Ambulances were on standby Thursday morning as Indian rescuers dug through the final metres of debris separating them from 41 workers trapped in a collapsed road tunnel for nearly two weeks.
Rescue teams have specially fitted stretchers with wheels, ready to pull out the exhausted men through 57 metres (187 feet) of steel pipe -- once it is finally driven through the final section of the tonnes of earth, concrete and rubble blocking their freedom.
Emergency vehicles and a field hospital stood ready, AFP journalists at the site said, preparing to receive the men who have been trapped since a portion of the under-construction tunnel in the Himalayan state of Uttarakhand caved in 12 days ago.
"We have done rehearsals on how to get people safely out", National Disaster Response Force chief Atul Karwal told reporters Thursday.
"The boys will go in first," he said. "We have put wheels under the stretchers so that when we go in, we can get the people out one by one on the stretcher -- we are prepared in every way."
'Ready to handle it'
After days of painfully slow progress, engineers with a powerful drilling machine made a sudden rapid advance on Wednesday, before teams had to work through the night to cut through metal rods blocking the route.
Drilling resumed Thursday.
"The 10 to 12 metres (32-39 feet) remaining... we don't know what can come up, but we are ready to handle it," Karwal said.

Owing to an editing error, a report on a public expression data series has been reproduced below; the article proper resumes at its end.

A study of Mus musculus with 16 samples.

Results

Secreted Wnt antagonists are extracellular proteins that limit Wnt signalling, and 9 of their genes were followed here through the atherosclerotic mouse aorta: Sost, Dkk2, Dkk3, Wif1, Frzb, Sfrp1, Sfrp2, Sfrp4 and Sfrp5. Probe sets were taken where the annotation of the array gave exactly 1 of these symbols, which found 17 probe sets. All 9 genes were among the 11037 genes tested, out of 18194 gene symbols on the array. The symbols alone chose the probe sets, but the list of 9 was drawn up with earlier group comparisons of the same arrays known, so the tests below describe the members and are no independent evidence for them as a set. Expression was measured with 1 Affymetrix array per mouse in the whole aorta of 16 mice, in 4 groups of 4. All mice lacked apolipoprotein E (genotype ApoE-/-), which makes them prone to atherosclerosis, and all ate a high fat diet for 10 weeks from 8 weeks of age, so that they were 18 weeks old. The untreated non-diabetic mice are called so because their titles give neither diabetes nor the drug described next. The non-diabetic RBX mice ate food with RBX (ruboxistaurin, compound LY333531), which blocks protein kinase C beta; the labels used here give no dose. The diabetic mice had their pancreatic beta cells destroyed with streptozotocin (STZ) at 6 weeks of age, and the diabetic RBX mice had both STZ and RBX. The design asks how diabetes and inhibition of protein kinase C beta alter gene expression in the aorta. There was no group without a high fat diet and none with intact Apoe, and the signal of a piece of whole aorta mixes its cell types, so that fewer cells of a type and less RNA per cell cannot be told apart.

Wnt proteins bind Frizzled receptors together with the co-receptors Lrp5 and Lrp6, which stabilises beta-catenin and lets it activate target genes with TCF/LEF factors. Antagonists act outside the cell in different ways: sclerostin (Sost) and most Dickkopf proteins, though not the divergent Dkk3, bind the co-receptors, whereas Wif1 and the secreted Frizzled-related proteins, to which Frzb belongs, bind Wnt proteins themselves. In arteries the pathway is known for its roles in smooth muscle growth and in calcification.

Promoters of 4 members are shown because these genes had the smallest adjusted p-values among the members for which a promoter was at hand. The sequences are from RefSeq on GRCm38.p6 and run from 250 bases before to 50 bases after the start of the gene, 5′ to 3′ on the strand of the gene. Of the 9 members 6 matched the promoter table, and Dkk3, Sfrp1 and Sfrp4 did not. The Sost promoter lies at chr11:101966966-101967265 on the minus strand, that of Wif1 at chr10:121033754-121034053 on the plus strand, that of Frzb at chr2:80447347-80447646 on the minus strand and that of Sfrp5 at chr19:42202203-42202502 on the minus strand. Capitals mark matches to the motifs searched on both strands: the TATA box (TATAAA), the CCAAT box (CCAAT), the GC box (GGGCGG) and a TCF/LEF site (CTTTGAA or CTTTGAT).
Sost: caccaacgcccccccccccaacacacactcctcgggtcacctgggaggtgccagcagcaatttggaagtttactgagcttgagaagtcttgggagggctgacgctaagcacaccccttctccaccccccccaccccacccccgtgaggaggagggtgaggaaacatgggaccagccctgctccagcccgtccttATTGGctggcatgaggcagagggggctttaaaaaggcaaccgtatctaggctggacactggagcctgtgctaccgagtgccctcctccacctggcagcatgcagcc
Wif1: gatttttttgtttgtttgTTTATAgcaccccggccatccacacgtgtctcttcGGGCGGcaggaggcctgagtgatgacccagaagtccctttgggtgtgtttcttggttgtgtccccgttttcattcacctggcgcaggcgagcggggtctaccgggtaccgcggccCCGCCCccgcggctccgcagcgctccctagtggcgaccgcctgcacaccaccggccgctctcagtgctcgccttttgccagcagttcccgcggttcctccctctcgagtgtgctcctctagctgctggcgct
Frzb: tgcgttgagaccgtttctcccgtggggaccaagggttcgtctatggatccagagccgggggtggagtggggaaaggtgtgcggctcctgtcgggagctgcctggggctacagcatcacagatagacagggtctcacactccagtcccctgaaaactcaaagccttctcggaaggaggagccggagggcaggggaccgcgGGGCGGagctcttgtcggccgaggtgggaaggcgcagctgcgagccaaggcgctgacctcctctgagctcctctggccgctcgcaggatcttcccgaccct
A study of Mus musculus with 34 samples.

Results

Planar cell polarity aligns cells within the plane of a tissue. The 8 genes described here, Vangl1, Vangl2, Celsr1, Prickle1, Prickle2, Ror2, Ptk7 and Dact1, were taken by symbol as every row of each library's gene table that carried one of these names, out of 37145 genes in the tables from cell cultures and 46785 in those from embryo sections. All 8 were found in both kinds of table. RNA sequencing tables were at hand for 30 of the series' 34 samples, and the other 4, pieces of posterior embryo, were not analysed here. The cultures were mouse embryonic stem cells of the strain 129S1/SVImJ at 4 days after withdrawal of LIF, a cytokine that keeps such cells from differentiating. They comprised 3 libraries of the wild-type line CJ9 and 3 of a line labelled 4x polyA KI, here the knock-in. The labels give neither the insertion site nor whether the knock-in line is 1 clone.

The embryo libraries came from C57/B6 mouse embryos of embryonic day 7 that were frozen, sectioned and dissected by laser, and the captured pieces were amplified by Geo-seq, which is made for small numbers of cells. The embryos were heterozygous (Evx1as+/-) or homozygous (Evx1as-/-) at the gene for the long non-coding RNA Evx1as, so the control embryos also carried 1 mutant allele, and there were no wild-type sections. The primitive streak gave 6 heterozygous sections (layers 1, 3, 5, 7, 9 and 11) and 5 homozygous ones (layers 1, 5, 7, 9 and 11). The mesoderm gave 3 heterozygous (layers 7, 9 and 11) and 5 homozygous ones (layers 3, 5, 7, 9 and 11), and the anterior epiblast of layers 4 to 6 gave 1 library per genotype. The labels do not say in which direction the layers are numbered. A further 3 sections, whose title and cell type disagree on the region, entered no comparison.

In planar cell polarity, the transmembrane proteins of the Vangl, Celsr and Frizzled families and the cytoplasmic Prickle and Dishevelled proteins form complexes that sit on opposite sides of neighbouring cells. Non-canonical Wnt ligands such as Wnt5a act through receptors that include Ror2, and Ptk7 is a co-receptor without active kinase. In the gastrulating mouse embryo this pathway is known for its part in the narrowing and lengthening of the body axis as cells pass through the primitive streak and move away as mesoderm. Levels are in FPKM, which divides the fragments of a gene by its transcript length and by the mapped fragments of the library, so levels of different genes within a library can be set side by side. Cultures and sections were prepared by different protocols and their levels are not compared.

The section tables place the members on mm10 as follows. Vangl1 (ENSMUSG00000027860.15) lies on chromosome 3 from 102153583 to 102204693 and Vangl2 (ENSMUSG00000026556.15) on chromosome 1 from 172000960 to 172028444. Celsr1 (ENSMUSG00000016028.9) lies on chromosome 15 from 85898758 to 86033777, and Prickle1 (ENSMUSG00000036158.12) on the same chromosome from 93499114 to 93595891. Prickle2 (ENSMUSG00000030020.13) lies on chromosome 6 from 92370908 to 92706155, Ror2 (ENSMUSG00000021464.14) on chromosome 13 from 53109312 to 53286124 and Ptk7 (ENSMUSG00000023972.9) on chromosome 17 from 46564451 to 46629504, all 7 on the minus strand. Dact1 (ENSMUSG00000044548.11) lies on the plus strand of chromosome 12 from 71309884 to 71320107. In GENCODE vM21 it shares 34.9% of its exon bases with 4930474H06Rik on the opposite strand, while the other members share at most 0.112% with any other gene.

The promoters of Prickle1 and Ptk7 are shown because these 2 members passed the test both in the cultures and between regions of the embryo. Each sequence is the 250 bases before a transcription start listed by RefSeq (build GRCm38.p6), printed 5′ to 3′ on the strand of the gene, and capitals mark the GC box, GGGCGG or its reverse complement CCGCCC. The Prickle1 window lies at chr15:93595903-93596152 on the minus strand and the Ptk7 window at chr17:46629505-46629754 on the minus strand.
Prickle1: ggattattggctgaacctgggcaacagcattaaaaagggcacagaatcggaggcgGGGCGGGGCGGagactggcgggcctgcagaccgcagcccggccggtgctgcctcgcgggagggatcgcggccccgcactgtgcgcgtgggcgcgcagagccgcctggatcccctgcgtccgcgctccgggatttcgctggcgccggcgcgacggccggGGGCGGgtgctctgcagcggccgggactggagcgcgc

"If everything is alright, tonight this operation will be over," he said, adding that the trapped men were "keeping up their morale".
Uttarakhand chief minister Pushkar Singh Dhami said the work was on a "war footing", with a "team of doctors, ambulances, helicopters and a field hospital" all set up.
Rescuers are hoping for a breakthrough within hours, although the government has also repeatedly warned any timelines were "subject to change due to technical glitches, the challenging Himalayan terrain, and unforeseen emergencies".
Inside the Silkyara tunnel entrance, an AFP journalist said the site was a flurry of activity.
Worried relatives have gathered outside the site, where a Hindu shrine has been erected, with a priest holding prayers for the safe rescue of the trapped men.
"The day they will come out of the tunnel, it will be the biggest, happiest day for us," said Chanchal Singh Bisht, 35, whose 24-year-old cousin Pushkar Singh Ary is trapped inside.
Rescue efforts have been hampered by falling debris as well as repeated breakdowns of crucial heavy-drilling machines.
In case the route through the main tunnel entrance does not work, rescuers also started blasting and drilling from the far end of the unfinished tunnel, nearly half a kilometre (over a quarter of a mile) long.
Preparations have also been made for a risky vertical shaft directly above.
The workers were seen alive for the first time on Tuesday, peering into the lens of an endoscopic camera sent by rescuers down a thin pipe through which air, food, water and electricity are being delivered.
happiest day Though trapped, they have plenty of space, with the area inside 8.5 metres high and stretching about two kilometres in length.
The tunnel is part of Prime Minister Narendra Modi's infrastructure project aimed at cutting travel times between some of the most popular Hindu sites in the country, as well as improving access to strategic areas bordering rival China.
But experts have warned about the impact of extensive construction in Uttarakhand, large parts of which are prone to landslides.